Investments have been shifting from actively managed funds to passively managed exchange-traded funds (ETFs) for a while now, but the Brexit vote and impending U.S. presidential election have fueled the migration even more. According to a recent CNBC article, the month of May saw an $18.7 billion exodus from actively managed U.S. equity funds and an $8.1 billion inflow to passively managed, index-tracking funds, primarily ETFs (data from Morningstar).
Ben Johnson, global director of EFT Research at Morningstar, believes “it’s not a question of whether the trend continues but at what pace.” The CNBC article describes the shift as occurring across all corners of the market as well as all asset classes and geographical areas. A recent survey of 283 financial advisors by the Financial Planning Association found that 83 percent were now using ETFs to invest client assets, nearly double the level of 2006.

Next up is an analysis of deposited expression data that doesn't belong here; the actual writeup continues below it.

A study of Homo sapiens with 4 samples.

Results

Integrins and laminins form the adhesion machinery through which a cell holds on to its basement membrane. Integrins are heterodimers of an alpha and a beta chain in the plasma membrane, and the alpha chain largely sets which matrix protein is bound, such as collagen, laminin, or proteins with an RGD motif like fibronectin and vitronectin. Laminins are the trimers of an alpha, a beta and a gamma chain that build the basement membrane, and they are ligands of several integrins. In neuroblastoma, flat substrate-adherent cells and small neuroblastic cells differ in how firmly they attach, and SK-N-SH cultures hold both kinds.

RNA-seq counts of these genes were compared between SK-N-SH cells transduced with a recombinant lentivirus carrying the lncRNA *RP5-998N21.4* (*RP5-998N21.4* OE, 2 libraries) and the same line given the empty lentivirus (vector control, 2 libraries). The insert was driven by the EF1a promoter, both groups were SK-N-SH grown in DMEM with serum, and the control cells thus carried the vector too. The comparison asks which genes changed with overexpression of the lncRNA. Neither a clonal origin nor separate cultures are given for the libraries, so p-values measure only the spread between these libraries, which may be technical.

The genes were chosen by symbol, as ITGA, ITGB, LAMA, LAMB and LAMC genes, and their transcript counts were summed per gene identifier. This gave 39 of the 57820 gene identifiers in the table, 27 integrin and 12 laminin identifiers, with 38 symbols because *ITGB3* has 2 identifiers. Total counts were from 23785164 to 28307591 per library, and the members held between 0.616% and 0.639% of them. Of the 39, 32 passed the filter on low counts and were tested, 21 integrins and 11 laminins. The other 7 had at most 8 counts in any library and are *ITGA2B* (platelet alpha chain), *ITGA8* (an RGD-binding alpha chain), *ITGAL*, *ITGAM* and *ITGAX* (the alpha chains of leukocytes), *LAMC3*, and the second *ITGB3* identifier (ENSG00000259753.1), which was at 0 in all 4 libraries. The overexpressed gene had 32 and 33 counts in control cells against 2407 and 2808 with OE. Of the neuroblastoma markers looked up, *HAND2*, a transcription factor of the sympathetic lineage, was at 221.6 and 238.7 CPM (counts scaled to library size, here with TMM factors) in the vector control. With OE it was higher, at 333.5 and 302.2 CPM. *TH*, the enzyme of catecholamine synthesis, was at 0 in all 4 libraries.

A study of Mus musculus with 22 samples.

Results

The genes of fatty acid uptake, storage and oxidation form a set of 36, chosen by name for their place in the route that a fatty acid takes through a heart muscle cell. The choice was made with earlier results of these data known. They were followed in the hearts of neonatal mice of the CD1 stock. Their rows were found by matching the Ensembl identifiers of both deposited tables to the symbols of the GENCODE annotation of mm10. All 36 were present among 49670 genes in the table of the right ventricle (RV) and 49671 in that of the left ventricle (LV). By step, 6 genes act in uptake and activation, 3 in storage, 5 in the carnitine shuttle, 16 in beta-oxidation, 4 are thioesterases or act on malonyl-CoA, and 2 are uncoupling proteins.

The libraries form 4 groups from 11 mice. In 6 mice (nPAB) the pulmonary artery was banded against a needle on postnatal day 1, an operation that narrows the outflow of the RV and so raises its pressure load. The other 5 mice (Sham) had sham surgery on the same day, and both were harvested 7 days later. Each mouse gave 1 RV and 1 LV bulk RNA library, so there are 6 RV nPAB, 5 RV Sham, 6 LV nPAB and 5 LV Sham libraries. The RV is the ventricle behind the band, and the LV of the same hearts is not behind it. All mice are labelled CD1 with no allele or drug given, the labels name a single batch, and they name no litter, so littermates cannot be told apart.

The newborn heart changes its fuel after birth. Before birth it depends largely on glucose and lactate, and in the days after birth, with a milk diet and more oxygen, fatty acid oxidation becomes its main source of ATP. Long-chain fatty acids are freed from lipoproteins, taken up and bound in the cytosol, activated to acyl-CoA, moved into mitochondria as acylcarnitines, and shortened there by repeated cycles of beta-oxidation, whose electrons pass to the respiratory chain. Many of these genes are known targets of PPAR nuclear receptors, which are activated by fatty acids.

The biggest advantage of ETFs is low cost. The average cost for passively managed funds last year was 0.18 percent versus 0.78 percent for actively managed funds (primarily mutual funds). ETFs offer more flexibility because they can be traded throughout the day, unlike mutual funds transactions which can only occur at market close. They are also more tax efficient because they don’t have to distribute capital gains to investors when securities are sold.
Thanks to the low interest rate environment, the latest opportunity for passively managed ETFs exists in fixed-income securities. Most of the money in municipal bond funds is in actively managed funds due to the widespread belief that heavy credit research better equips those managers to outperform benchmarks. But the tide is turning, and the low cost of ETFs are outweighing such perceived benefits.